Halliday must take heed, Follow Russell Wilson’s lead


Redshirt junior quarterback Connor Halliday looks on after a play during a road game against Washington, Nov. 29, 2013.

Connor Halliday is the first quarterback since Jason Gesser to lead the Washington State Cougars to a bowl game, and in the process he broke multiple WSU passing records in 2013. Against Oregon, Halliday also set the FBS record for most pass attempts in a game with 89 attempts.

2013 may have been a career season for Halliday; however, he would likely be the first person to tell you that he has plenty of work to do this offseason if he hopes to improve and find a spot on an NFL roster after graduation. 

There is one man that Halliday could look to as a role model for his own future – Seattle Seahawks quarterback Russell Wilson.  Wilson is a true model for success at the collegiate and professional level of football, not to mention a model for success for life in general.

Wilson cemented his legacy in Seattle Seahawk lore this season as he became the first Super Bowl winning quarterback in franchise history.  Over his first two seasons he has already been referred to as the NFL’s next Drew Brees, which is high praise considering Brees has a resume that will almost undoubtedly lead to a first ballot Hall of Fame induction. 

Everyone wants to put their own brand on their given craft, and Halliday should be no exception.  With that being said, it helps to look to others that have been successful within their craft and emulate certain components of those individuals’ skillsets to help them in their own career. 

Russell Wilson has plenty of components in his approach to the game of football that Halliday could take heed to.  First off is commitment.  Wilson not only preaches commitment in his interviews and press conferences, but he oozes commitment in every fiber of his being on the practice field, in the film room and on the playing field.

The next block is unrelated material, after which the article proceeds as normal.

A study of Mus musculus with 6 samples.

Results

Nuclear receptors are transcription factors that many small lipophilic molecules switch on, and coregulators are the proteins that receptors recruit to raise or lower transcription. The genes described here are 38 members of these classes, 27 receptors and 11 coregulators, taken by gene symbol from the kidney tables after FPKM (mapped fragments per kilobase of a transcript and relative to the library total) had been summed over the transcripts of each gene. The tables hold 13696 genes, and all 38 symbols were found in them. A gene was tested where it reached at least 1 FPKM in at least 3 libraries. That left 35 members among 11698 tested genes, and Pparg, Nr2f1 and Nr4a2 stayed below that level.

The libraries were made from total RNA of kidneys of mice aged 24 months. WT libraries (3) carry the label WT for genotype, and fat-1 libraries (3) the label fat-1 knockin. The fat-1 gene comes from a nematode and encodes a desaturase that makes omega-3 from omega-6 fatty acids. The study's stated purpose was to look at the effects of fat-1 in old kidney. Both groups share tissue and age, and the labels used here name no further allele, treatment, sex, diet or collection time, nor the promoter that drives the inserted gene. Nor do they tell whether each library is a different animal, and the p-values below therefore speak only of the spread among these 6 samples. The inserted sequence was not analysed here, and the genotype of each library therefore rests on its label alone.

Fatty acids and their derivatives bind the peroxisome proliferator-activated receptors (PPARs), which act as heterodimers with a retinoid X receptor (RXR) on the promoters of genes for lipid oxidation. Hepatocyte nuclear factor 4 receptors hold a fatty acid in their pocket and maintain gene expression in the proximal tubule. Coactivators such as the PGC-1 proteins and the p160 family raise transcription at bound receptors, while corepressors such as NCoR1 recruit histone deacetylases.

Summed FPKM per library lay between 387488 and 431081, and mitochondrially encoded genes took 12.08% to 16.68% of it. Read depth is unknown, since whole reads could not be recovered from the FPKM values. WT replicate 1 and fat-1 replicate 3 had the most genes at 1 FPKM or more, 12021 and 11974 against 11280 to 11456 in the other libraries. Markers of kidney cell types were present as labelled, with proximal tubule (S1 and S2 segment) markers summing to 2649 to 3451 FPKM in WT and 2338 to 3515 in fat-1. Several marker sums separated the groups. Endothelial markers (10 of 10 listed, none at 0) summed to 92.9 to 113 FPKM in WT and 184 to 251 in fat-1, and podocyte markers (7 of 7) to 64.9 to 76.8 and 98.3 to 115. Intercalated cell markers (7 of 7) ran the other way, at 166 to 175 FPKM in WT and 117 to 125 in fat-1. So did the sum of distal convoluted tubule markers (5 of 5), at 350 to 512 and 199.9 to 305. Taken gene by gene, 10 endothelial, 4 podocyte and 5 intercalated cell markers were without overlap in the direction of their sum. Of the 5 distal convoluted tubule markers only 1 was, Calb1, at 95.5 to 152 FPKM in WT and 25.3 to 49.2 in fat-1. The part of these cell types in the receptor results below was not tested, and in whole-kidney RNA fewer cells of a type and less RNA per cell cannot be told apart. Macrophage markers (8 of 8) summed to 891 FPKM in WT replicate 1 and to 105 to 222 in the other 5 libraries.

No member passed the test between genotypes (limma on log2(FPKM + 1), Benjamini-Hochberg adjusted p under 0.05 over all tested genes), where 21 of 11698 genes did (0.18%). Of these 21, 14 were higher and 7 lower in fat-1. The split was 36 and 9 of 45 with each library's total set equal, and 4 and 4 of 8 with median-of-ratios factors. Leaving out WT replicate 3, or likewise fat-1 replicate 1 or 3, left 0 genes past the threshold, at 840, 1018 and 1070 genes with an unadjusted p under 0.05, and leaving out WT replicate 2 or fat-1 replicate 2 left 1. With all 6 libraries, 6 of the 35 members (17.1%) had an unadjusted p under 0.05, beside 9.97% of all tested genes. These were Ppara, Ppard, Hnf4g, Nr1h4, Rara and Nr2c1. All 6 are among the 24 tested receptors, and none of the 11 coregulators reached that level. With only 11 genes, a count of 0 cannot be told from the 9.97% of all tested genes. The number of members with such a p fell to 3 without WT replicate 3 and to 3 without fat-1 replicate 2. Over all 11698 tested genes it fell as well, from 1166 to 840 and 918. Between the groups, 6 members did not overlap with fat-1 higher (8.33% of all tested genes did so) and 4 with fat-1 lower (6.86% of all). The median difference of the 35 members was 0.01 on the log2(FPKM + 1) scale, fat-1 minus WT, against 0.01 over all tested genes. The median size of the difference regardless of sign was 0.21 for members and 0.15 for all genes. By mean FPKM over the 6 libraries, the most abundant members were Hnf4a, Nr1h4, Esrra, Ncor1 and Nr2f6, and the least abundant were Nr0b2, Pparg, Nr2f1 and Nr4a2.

The next component of Wilson’s game that has made him a champion is his attention to detail and preparation.  Just by analyzing Wilson on TV, one can tell that his attention to detail is immaculate.  He approaches every play with the same intensity and focus, and any risks he takes are calculated. Also, judging by what his teammates and coaches say about him in press conferences, he is the first person at the facilities in the morning and the last person to leave.  This culminates to the fact that Wilson spends hours upon hours studying, preparing and studying some more so that he misses nothing when game time comes.

The final component of Wilson’s game that makes him so special is his commitment to knowledge. This is a lesson that can help anyone in any facet of life, not just in football.  Benjamin Franklin once said about a man he knew in Philadelphia, “The man died at 25, but wasn’t buried until 75.”  What Franklin was referring to was the pursuit of knowledge, and the day someone stops learning is the day their brain and their spirit die. 

A recent quote from Russell Wilson shows that he is an individual who intends to truly live until the day he dies.

“The biggest thing is doing what I do best and that is working hard,” Wilson said. “Every day I wake up and that’s my goal, to be on a constant quest for knowledge and do something different, being unique and being uncommon.”

A commitment to learning and knowledge is imperative for success for anyone in any arena of life, and Russell Wilson has proven that his constant quest for knowledge can pay off in the biggest way possible.  If Connor Halliday can infuse these ideologies into his own work ethic and his own persona, he could do great things for Cougar football next season and very possibly create an NFL future for himself.